April 21, 2017 | 1 Comment

Inside the Victorian glasshouse conservatory, which was recently restored and featured on Restoration.

Last Bank Holiday Monday saw a sad farewell to Wentworth Castle Gardens, near Barnsley, which is now shut to the public despite more than £20m spent in the last 15 years bring it back to glory following decades of neglect.

The famous rhododendrons of which there are many, and in bloom now, although not for the public to see any longer.

Wentworth Castle gardens and park are considered to be one of the finest landscapes in England, featuring the original 18th Century Baroque layout, a mock castle, a domed temple, Lady Lucy’s Walk (a beautiful avenue of limes, said to be haunted by young noblewoman not allowed to marry the gardener) and a stunning Victorian conservatory whch was featured in the Restoration TV programme and completely taken apart and restored.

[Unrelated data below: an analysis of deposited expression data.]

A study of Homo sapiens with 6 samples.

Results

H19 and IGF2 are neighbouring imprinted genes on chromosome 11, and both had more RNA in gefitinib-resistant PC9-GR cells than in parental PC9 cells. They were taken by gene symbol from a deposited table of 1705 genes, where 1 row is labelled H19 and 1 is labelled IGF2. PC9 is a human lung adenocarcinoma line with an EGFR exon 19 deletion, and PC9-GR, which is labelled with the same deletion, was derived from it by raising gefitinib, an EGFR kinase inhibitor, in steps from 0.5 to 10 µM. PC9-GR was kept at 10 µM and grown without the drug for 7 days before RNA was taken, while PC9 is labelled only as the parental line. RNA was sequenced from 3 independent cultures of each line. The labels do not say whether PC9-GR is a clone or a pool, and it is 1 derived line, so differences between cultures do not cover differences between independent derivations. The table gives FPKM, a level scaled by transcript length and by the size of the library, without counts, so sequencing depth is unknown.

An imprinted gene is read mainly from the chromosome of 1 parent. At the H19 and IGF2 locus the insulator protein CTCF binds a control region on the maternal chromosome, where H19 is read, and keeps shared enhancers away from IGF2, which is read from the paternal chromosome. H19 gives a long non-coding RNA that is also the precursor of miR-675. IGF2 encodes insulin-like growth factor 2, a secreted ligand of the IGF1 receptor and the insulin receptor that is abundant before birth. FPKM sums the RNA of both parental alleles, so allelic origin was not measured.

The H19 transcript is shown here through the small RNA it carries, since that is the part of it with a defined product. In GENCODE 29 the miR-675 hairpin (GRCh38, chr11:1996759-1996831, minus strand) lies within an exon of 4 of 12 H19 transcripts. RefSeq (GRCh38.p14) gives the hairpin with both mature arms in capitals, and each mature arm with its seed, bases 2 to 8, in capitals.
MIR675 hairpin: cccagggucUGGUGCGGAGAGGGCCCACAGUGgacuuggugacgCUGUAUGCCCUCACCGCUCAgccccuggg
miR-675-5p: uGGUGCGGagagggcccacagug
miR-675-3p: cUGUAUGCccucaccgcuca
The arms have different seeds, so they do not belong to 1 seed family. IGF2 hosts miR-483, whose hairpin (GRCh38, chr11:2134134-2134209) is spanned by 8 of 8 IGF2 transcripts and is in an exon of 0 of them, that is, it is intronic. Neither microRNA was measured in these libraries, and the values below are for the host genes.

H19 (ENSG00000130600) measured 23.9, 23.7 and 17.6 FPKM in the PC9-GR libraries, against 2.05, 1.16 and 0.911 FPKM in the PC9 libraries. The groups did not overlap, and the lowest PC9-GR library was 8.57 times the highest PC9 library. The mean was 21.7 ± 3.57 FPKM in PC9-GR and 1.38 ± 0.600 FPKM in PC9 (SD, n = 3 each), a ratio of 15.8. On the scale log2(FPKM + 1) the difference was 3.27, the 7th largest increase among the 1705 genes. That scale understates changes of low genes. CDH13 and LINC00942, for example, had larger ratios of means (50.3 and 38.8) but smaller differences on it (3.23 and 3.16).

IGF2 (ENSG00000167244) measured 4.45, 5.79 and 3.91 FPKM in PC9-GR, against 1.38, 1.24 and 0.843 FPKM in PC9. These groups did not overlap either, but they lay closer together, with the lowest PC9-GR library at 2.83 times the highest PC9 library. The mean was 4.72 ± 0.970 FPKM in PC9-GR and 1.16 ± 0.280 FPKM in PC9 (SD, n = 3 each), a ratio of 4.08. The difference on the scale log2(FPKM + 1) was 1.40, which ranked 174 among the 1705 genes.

Wentworth Castle Gardens had lots for children to do – the scarecrows for Easter celebrations last Monday.

Wentworth Castle Gardens are the only Grade I-Listed landscape in South Yorkshire. Founder Thomas Wentworth built the estate after a bitter dispute over the inheritance of the family seat at Wentworth Woodhouse seven miles away, which has just been given Government support to save it.

I just loved this bench. Just one of so many gorgeous little features.

Too few visitors has been cited as the cause of closure, but last Monday, the gardens, tearoom, shop and famous glasshouse and castle folly were packed with those making the most of so many lesser-known gems and sights. A small choir sang a mournful song in one of the lovely gardens, clearly upset. It’s such a shame.

Back inside the conservatory. If you get a chance to visit in the future, don’t miss it.

Anyway, the pictures, taken here on the last public day of Wentworth Castle Gardens, speak for themselves. Let’s hope something happens to open them again.

One thought on “Sad last day of Wentworth Castle Gardens

  1. Meike

    That really is a shame! I wonder whether “lack of visitors” is the true reason for the closure. And what now? Will it just fall into neglect and disrepair again?
    I think I’ve been there years ago, while visiting friends in Wath-upon-Dearne. Was the house available for weddings? I seem to remember we went there because our friends wanted to show us where their wedding was to take place later the same year.